JJ's (October '05) Tips in this issue:
1. Wake-Up Calls In Our Lives!
2. JJ's Favorite Quotes
3. Tele-Coaching & Tele-Mentoring
Use the following tips as training tools.
Present this situation to your group and brainstorm solutions together, or submit your own situation question to be answered in an upcoming newsletter.
What kind of wake-up calls have you experienced in your life and work, and what changed after you experienced them?
This email newsletter is meant to be a wake-up call to you and the people you love and work with daily! Life happens when you are making other plans. Read on.
It can come out of the blue, perhaps when you get a poor performance review, someone proposes marriage to you or asks for a divorce. When you think it's always someone else's fault that something has gone wrong at work, only to find out that you're the main one who needs to change, to grow, to get a
At first you just want to crawl in a hole and lick your wounds so to speak. Then you "wake up" and need to start swinging the pendulum the other direction, to do something about it.
Encourage others to help in your new resolve to change, to influence others in a more positive direction, to grow yourself and your company, family, or relationships.
Sometimes the wake-up call comes at your annual doctor's check up, or when you have the results back from a routine test, such as a blood test or mammogram (breast x-ray).
The latter was my wake-up call a few weeks ago in late August. I was consulting and training with a company in Ohio and when I checked my phone messages, I heard four calls urgently asking me to come back for more x-rays and an ultrasound. They had found something suspicious on one of my x-rays.
Talk about using your mind over matter, for the rest of the week in Ohio I overrode my feelings of doom and gloom, and threw myself into my work until I could get back to my radiology appointment the following Friday.
That Friday, the very day of a significant evening birthday party that my two daughters, sister and husband were throwing for me, I saw the x-ray and the ultrasound results that did not look good. A core biopsy was scheduled for the following Tuesday to determine if the small lump was malignant.
Again, I overrode my anxiety to thoroughly enjoy my birthday party with my family and friends that evening. But a week later my real wake-up call came in my surgeons office as she said, "JJ, the biopsy shows you have breast CANCER!
I sat there in disbelief, not me, why me, and then the tears as I thought of my former assistant, Marie, and close dancing friend, Carol who had both died of breast cancer about 5 and 6 year ago.
In the week that followed, I went through denial, anger and finally acceptance. I heard myself saying again to myself, "JJ, It's not what happens to you, it's how you deal with it that matters."
Thank God I had the yearly mammogram, because after a lumpectomy surgery to remove the lump, and a second surgery two weeks later to get a bigger margin around the lump, I was told that the margins were clear of cancer cells and they had not spread to my sentinel lymph nodes or the rest of my body.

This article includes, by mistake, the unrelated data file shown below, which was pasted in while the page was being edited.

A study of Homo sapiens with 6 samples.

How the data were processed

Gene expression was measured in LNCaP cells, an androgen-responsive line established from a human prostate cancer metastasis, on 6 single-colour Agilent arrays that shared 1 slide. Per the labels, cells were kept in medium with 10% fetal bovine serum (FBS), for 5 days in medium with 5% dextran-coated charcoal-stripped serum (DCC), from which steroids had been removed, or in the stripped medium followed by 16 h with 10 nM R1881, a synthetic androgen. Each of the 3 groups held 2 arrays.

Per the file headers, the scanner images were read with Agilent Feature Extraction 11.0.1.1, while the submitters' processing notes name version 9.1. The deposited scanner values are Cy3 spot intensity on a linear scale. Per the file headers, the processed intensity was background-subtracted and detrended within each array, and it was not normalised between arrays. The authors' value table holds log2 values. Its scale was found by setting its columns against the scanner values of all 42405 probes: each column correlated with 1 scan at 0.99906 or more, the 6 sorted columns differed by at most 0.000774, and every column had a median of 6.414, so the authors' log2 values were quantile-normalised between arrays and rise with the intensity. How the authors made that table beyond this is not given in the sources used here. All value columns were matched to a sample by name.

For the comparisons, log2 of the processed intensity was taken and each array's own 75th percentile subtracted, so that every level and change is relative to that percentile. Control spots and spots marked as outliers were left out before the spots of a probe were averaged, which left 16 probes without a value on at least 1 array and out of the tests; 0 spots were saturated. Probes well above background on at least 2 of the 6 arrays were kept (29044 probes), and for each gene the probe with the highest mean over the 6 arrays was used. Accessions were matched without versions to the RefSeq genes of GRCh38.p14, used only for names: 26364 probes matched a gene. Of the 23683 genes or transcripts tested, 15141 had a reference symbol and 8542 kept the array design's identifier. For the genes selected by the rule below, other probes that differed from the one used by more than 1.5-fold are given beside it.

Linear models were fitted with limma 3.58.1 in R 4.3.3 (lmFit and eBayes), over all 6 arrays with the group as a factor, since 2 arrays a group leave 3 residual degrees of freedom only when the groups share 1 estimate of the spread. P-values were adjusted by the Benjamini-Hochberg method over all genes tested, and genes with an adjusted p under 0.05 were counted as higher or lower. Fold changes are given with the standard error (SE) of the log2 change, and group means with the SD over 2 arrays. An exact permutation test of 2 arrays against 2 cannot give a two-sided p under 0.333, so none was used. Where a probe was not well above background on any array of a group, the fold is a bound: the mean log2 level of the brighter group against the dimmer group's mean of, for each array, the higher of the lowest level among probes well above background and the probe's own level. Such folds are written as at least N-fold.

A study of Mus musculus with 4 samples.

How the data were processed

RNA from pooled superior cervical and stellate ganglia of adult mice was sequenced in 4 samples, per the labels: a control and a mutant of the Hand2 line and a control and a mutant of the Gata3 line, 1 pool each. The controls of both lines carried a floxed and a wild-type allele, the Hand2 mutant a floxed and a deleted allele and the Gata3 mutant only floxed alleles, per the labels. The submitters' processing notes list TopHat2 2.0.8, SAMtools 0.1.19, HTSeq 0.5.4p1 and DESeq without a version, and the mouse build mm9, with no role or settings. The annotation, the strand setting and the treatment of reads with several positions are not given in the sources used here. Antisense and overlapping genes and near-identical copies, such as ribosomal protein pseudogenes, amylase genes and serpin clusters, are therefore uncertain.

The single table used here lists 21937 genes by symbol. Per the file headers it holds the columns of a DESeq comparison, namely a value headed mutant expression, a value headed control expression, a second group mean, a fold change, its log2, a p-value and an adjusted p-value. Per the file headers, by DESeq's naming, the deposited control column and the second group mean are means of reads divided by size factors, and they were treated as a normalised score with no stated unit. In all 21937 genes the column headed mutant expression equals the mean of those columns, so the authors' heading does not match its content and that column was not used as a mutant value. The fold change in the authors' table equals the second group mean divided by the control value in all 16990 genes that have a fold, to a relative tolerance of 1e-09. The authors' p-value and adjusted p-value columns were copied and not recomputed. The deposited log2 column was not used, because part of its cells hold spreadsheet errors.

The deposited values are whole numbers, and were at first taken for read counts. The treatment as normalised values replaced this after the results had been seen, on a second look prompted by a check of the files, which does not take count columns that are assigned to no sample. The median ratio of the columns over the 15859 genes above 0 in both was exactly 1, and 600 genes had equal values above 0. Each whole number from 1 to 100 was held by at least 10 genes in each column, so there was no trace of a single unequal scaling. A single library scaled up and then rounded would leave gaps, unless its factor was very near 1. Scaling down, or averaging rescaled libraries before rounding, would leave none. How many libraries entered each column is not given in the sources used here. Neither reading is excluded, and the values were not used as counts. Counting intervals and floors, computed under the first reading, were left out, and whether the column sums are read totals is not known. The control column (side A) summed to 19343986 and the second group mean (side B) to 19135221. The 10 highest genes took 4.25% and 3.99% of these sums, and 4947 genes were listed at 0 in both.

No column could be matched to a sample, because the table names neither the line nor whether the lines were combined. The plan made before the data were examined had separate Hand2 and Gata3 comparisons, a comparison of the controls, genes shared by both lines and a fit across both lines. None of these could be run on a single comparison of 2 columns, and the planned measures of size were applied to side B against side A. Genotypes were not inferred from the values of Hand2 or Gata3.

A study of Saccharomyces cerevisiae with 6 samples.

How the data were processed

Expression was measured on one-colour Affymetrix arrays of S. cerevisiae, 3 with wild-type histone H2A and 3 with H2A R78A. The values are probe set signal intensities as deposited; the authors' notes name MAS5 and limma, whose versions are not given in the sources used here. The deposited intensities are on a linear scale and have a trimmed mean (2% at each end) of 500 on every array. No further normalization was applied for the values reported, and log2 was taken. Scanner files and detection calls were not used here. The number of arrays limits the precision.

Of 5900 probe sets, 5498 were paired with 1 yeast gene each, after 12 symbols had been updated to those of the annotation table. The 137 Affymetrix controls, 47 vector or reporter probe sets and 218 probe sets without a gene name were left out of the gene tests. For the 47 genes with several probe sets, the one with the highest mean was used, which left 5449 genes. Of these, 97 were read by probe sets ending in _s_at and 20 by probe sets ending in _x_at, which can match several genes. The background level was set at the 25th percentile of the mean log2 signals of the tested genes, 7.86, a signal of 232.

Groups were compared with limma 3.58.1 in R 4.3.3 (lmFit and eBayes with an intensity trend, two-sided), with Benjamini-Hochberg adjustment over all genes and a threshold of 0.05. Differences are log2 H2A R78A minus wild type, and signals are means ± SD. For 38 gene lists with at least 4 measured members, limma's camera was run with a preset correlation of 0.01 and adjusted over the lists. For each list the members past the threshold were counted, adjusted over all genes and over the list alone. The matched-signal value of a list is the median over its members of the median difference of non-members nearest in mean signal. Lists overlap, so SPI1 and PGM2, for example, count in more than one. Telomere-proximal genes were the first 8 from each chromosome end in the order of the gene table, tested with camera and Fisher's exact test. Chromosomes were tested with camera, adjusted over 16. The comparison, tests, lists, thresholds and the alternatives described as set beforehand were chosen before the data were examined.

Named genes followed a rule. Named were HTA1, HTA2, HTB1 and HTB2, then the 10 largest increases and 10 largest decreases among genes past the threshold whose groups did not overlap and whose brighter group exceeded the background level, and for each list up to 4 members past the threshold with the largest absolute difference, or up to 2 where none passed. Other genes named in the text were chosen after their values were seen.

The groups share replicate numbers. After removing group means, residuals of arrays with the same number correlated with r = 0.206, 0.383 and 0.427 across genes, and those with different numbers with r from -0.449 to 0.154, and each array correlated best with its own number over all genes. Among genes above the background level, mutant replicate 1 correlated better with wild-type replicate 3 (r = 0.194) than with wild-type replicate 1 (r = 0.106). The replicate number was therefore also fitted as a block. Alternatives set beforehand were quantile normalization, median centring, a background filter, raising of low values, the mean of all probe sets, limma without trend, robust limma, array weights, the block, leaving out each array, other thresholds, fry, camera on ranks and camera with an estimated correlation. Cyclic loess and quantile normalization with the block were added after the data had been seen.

Ironically, October is National Breast Cancer Awareness month, and I'm a cancer survivor because of my awareness to have a yearly x-ray. None of the doctors could feel the lump, so my radiology doctor probably helped save my life by catching the cancer in its early stage along with recent research that has found ways to treat it.
Even some men get breast cancer, so urge the people you care about to get annual checkups. If even one person reading this catches a cancer in its early stage, it will be worth my going public with my very personal situation.
Since only the lump has been removed (I still look the same), I will be going through six weeks of radiation therapy, 5 days a week from mid November through December to prevent a reoccurrence. There's also a
possibility I'll be taking an estrogen blocker pill daily for several years starting in January. You do whatever it takes.
If I had not discovered the lump early, I would have had to undergo chemotherapy if it had spread to my lymph nodes. I kept saying to myself and my husband Scott, we must look for the positive side of this. It's there somewhere.
Look for the positive side of your wake up call, and do what you need to do, NOW! Then get on with enjoying your life, family and work. Your mind is indeed powerful to overcome whatever comes your way.
So hopefully your wake up calls are only small ones from your alarm clock, or from what you need to change, and not from a doctor saying you have a life threatening disease.
Remember this is National Breast Cancer Awareness Month in October. Make it all year round. Urge your mother, daughter, friend and wife to make early detection a "way of life" to live life to the fullest.
Thanks for listening to my personal story, and helping me fulfill my purpose of helping others help themselves.
JJ's FAVORITE QUOTES:
"You gain strength, courage and confidence by every experience in which you really stop to look fear in the face. You are able to say to yourself, 'I lived through this horror. I can take the next thing that comes along'."
- Eleanor Roosevelt
"It's Not What Happens to You, It's What You Do About It."
- W. Mitchell
Tele-COACHING & Tele-MENTORING
TRY our one-on-one Tele-Mentoring (phone coaching service) that is available
to business owners, executives, managers, supervisors and staff members.
Call for your FREE CONSULTATION now! 800 500-9656 or 408 445-1590
Have you had an Evaluation of Your Environment lately so you could receive suggestions on improving it? (It's like the doctor's check up, you often don't know you need it, until after you've had it.)